Outside of the exciting world of archaeology and Wessex Archaeology I’m a keen collector of vintage toys. One of the items I own is an unassuming sealed plain brown mailer box, with the only distinguishing feature being a series of catalogue numbers on the front. The catalogue numbers identify the item in the box as a toy Star Wars diecast TIE fighter, sold by American catalogue retailer JC Penney in 1978. These die cast Star Wars toys were manufactured by US toy manufacturer Kenner between 1978 and 1982 and sold across the world. The fact that the mailer has survived sealed for 41 years is a real rarity, but it seems a shame that the toy would never be seen.
Luckily for me Wessex Archaeology has an in-house X-ray machine operated by expert conservator Lynn Wootten. X-radiography is used in archaeology as a non-destructive method to identify and interpret finds recovered from our work in the field, or material sent to us by other archaeological companies. The X-raying of corroded metalwork, amorphous ferrous or copper alloy blobs may reveal tools, jewellery or weapons, and assist us in interpreting our sites.
Although Wessex Archaeology regularly works on post-war industrial complexes, it is rare that Lynn is asked to X-ray material from the late 1970s - least of all material with a code identifying the nature of what lies within. However, with George Lucas’ Star Wars having celebrated its 40th anniversary a couple of years before Wessex Archaeology’s 40th birthday, the history of its pre-digital toy production, marketing and sales will soon become a distant memory. Furthermore, the make of X-ray machine used by Wessex Archaeology is a Faxitron, a type originally used to scan suspicious packages in Post Offices and banks – so perfectly suited to examining a mailer box!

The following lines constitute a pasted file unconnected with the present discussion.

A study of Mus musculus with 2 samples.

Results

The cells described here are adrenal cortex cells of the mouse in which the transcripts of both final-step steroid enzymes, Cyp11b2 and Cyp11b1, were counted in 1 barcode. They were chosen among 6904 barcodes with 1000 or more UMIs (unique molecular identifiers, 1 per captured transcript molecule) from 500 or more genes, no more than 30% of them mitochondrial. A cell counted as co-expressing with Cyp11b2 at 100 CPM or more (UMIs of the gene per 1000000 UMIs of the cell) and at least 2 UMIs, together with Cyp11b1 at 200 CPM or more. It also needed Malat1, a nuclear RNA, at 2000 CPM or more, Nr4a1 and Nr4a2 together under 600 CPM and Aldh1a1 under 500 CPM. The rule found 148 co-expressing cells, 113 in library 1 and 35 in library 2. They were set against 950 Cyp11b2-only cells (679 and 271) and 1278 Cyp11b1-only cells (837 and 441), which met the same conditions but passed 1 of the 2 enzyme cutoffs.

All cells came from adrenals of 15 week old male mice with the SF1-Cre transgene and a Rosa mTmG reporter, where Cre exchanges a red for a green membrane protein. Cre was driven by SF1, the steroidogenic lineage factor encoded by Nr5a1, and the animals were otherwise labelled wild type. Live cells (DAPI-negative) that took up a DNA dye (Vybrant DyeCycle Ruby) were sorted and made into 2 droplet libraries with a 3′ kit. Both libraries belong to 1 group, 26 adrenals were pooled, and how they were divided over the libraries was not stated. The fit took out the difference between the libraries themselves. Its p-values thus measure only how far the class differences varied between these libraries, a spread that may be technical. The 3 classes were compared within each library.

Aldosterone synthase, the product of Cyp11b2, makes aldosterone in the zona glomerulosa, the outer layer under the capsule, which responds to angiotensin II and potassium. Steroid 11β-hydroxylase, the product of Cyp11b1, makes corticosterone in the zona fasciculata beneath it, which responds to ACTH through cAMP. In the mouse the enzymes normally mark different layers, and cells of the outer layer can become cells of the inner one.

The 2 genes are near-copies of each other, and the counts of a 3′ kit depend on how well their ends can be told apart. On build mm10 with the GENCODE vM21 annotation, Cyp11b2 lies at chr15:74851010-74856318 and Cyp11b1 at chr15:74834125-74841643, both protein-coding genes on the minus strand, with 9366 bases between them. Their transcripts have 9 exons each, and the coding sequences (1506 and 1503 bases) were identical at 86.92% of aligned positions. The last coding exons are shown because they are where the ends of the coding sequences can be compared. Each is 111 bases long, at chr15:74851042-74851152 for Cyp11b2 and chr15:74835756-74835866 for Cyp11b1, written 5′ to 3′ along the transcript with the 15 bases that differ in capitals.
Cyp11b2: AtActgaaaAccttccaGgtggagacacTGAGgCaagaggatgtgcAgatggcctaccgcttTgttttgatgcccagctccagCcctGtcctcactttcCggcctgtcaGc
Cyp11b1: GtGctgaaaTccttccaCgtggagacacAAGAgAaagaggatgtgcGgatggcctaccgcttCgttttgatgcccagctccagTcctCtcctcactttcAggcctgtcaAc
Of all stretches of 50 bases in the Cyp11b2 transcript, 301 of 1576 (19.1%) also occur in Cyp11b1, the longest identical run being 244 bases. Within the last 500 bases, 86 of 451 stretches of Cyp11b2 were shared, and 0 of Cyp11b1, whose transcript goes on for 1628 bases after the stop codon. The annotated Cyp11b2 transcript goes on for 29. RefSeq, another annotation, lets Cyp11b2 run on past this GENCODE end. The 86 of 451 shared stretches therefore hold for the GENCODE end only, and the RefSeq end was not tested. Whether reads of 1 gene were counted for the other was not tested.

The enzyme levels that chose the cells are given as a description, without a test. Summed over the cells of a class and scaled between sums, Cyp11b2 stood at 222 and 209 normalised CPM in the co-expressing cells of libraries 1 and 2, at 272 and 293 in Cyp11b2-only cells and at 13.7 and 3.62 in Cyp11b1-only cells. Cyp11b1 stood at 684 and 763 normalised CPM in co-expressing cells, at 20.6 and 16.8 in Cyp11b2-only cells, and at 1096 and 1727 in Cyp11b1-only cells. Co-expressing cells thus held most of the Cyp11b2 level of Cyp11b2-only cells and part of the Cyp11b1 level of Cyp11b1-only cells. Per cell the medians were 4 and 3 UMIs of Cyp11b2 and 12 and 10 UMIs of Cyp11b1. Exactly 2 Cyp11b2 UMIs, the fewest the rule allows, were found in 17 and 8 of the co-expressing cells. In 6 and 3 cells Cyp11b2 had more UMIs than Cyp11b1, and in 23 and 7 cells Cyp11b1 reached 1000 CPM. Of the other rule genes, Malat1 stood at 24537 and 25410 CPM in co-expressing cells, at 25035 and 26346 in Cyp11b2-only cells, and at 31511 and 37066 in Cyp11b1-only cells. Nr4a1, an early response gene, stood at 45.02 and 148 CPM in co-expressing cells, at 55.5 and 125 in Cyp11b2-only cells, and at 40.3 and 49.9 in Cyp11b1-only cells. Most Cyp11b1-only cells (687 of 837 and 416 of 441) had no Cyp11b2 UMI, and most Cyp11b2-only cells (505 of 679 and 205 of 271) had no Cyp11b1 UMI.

Assuming that the correct toy had been placed in the box, what information could be gleaned from X-rays of the contents? In this instance the first incarnation of the toy TIE Fighters were poorly designed and the wings were often loose. The toys were subsequently redesigned with an additional peg. The mailer boxes also went through a design change, with the addition of the following text ‘STAR WAR (sic) DIE CAST TIE FIGHTER’ – Kenner’s QA process left a lot to be desired in the 1970s. The question was, did the early release mailer box contain the early design toy?
The results were impressive. The lack of a peg on the diecast TIE body clearly shows that the toy was the first issue from 1978, the detail on the plastic wings showed up very clearly and the rectangular catalogue placed in the box with the toy can be seen in front of the wings. Many thanks to Lynn and her X-ray machine for their help making these discoveries. Do get in touch if you have any archaeological material (modern or ancient) for X-raying, and we’ll be happy to get back to you with a cost and timings.
Read more about X-rays in archaeology in Historic England’s guidelines.
Read more about die cast Star Wars packaging here.